President Marc Ravalomanana's proposal of a holding a referendum to end Madagascar's violent political crisis has been met with rejection and, worse, a call for his arrest by opposition leader Andry Rajoelina.
In a radio address to the nation on 15 March the embattled president said holding a referendum was the only way to "truly hear the demands of the people through a democratic process", and bring an end to a crisis that has "economically and socially fatal consequences" for the country.
In response, Rajoelina, former mayor of the capital, Antananarivo, and self-declared leader of the Indian Ocean island, turned down the proposal and said on national television: "The referendum is already done; the people have already expressed themselves - the resignation of Ravalomanana is the solution."
At a rally in Antananarivo on 16 March Rajoelina went even further and urged the military to arrest Ravalomanana because "Andry Rajoelina is impatient to get into office," local media reported. He said he had appointed his own parallel "transition government" and a new prime minister.
Military in the middle
After an "emergency meeting" on the situation in Madagascar on 16 March, the Peace and Security Council of the African Union (AU) strongly condemned any attempt to take power by force and appealed for a dialogue to find a solution to the conflict.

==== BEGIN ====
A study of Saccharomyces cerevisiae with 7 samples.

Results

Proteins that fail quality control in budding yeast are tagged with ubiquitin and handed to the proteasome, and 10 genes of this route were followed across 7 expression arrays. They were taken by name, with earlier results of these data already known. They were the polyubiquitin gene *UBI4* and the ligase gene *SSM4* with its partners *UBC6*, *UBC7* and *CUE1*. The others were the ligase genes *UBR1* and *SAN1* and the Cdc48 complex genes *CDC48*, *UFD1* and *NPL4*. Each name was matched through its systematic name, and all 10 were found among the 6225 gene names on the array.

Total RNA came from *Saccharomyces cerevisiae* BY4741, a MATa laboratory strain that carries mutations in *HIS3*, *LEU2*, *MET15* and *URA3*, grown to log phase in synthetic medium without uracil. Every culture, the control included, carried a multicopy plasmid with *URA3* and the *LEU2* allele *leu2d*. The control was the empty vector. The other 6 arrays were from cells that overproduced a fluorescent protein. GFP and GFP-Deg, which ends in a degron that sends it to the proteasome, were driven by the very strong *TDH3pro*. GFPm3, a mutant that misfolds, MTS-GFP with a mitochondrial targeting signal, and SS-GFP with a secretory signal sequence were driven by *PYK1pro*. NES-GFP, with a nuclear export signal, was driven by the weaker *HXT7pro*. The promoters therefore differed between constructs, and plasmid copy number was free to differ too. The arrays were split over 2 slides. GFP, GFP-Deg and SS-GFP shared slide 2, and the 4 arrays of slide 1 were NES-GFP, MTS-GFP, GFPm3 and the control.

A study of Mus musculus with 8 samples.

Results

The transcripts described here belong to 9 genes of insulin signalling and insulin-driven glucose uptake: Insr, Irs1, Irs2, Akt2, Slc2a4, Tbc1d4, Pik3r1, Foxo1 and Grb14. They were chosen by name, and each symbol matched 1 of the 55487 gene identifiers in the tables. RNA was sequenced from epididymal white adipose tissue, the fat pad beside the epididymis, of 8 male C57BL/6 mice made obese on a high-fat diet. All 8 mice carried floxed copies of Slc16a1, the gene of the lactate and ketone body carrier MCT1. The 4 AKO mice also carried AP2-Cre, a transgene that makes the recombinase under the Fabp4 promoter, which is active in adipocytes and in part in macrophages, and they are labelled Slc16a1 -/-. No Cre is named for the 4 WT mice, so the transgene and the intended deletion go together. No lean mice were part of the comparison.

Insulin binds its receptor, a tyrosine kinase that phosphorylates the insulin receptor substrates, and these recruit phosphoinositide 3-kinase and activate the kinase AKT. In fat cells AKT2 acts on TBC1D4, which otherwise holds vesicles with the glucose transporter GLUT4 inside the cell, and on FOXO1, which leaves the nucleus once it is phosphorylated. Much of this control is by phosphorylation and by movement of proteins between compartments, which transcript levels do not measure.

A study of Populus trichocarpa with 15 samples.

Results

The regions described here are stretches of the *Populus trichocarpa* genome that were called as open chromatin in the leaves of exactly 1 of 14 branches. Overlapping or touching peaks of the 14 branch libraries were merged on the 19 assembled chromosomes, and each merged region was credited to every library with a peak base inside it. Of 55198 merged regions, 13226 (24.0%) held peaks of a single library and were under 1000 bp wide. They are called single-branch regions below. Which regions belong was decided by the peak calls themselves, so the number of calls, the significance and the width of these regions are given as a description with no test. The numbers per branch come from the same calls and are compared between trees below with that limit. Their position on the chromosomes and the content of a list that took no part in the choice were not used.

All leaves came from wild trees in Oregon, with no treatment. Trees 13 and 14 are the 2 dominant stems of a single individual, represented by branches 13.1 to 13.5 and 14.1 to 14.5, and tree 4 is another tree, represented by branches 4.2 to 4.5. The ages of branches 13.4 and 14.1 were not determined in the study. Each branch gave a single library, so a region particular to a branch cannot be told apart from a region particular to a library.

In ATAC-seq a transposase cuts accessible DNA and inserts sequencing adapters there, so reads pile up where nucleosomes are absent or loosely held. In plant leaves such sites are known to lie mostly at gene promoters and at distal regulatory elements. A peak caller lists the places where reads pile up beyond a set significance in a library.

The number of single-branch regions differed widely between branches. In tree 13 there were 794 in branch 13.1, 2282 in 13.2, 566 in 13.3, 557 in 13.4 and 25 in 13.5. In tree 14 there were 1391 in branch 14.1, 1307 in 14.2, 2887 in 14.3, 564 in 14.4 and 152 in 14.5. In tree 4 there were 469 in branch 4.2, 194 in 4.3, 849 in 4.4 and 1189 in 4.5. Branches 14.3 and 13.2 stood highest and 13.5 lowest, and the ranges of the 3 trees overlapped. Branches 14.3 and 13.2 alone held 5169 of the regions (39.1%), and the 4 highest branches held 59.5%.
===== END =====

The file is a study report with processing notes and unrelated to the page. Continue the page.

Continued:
"If the opposition wants to seize control without fulfilling legal and constitutional requirements, that will be seen as a coup d'état and we will condemn it," Edouard Alo-Glele, Benin's envoy to the AU, told reporters in the Ethiopian capital, Addis Ababa.
While Madagascar's military traditionally remains neutral during political disputes, elements in the ranks have openly said they will step in if a solution is not found soon. It is still unclear where loyalties lie, or to what extent.
The army has also denied it was involved in a series of explosions heard close to the presidential residence - initially raising fears of possible violence - where some of Ravalomanana's supporters had gathered in the early hours of 16 March.
Rajoelina and Ravalomanana have been locked in a political struggle since January 2009, in which over 135 people have been killed in rioting and an army crackdown on protesters.